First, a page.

Job 1:1; 2:1-10
The book of Job is probably the oldest writing in our Bible. It is a wisdom writing; a fable or parable that poses the oldest question among humans: why do bad things happen to good people? How can everything go terribly wrong when we have done nothing to deserve it? Some early cultures answered that question by telling stories of capricious gods who played with human lives for their amusement. The book of Job argues with that premise. Remember, this is a story, a parable, which holds a theological discourse. Let’s start with the character Satan. In Hebrew, the word is ha-satan, meaning the accuser. He is a member of God’s heavenly court or government. Satan is the chief prosecutor. When God brags a bit about good and righteous man, Job, Satan counters that Job is only righteous because everything is going his way. If he were to be miserable, he would curse God to God’s face.
So God gives Satan permission to test his theory and Job’s woes begin. The rest of the book describes Job asking the question “Why” and his friends trying to find the cause for the effect. Surely Job has done something to deserve his suffering. There is a contrived ending that was tacked onto the book many centuries later, in which God restores Job’s health and fortunes and gives him new children ostensibly to replace the children who died at the beginning of the book. We all know that nothing replaces children we have lost. The original writing does not include the beautiful and powerful soliloquy, “Where were you when I created the universe?” attributed to God. The original simply ends with the unanswered question, “Why?” The implied answer is, “Not because of anything you have done. It’s not your fault.” For most people, that is not a very satisfying answer. It is hard for human beings to accept ambiguity and randomness. We want to make meaning. We need to make meaning. We want a satisfying answer to why bad things happen to good people. The book of Job takes the blame away from God and places it on a heavenly accuser trying to make a theological point. God is not exactly guiltless here, but blame shifts to ha-satan.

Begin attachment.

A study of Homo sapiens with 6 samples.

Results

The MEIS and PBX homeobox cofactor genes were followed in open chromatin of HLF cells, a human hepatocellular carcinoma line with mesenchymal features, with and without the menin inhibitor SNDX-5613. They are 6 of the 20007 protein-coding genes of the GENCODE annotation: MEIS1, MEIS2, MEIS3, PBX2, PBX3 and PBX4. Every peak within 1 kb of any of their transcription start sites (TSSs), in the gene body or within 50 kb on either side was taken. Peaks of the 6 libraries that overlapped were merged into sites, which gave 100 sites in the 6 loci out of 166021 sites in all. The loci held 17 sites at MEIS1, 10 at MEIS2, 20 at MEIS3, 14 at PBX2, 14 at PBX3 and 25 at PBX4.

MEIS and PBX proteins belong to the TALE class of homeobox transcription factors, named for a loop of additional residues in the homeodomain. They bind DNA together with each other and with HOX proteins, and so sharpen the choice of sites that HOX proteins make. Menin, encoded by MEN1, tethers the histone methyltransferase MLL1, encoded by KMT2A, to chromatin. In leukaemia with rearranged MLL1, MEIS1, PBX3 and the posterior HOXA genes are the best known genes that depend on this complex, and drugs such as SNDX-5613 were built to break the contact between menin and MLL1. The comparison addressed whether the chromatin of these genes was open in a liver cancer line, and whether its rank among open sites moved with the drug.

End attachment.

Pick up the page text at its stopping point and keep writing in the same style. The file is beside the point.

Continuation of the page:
Sometimes accidents happen. Sometimes other human beings are negligent or for reasons we don’t understand cause mayhem as the shooter at Umpqua Community College. Sometimes disease strikes. Sometimes the economy collapses. Some things happen to us that are beyond our control and everything goes wrong, everything falls apart. And there is no satisfactory answer to our “Why?”
And sometimes we have a hand in what goes wrong and we still can’t say why. Why do relationships that once were loving and tender fall apart? Who is to blame?
One of my pastors once told about a couple, after he had pronounced that they were one in the eyes of God, leaving the church arguing over which one they would be.
Happily-ever-after happens more in fairy tales than in real life. Sometimes things don’t work out the way we hope and pray that they will. In spite of our best intentions and our hard work we can’t make a marriage work. I want us to bring compassionate and educated eyes to today’s gospel text. Jesus had a way of hearing the motive behind the question. He was less interested in the letter of the law than on its real effects on human lives. A man could divorce his wife over not bearing children, or insulting her in-laws, or over-salting his food. Jesus always takes the letter of the law to the level of relationship. When two people marry, he says, they become one flesh. The dissolving of that relationship tears at real human hearts in a way that is as painful and traumatic as tearing flesh. I know that to be true from personal experience. Yes, Jesus says, the law provides for divorce, but it will hurt. And it does. And I think we abuse this teaching if we use it to shame abused and/or battered spouses in relationships that are life threatening or soul killing. The bottom line is that none of us gets to see into the heart of anyone else’s marriage. Divorce is no one’s first choice, or second, or third. It’s a last resort and it is terribly painful for everyone involved. Sometimes everything just goes wrong and we can’t seem to make it right again.
What then? Jesus doesn’t give an answer other than that we are hard to teach. What kind of answer is that?! Does my relationship fall apart because I haven’t learned life’s lessons? If I was smart enough, could I survive an abusive relationship? No! If I was smart enough could I change another person’s behavior? No! So what’s the answer?! There isn’t one. There is often no satisfactory answer to the question why.
What we can answer is how. How do I move forward? How do I live? And Jesus demonstrates by taking a child on his lap. This is how you are loved and cherished, no matter what has happened to you. This is how you begin to love again. Where is God when everything goes wrong? Whether you can feel it or not, God is holding you and loving you. There is no promise that everything will be made right. Only that you will be loved and held. It’s not an answer. But it is a promise.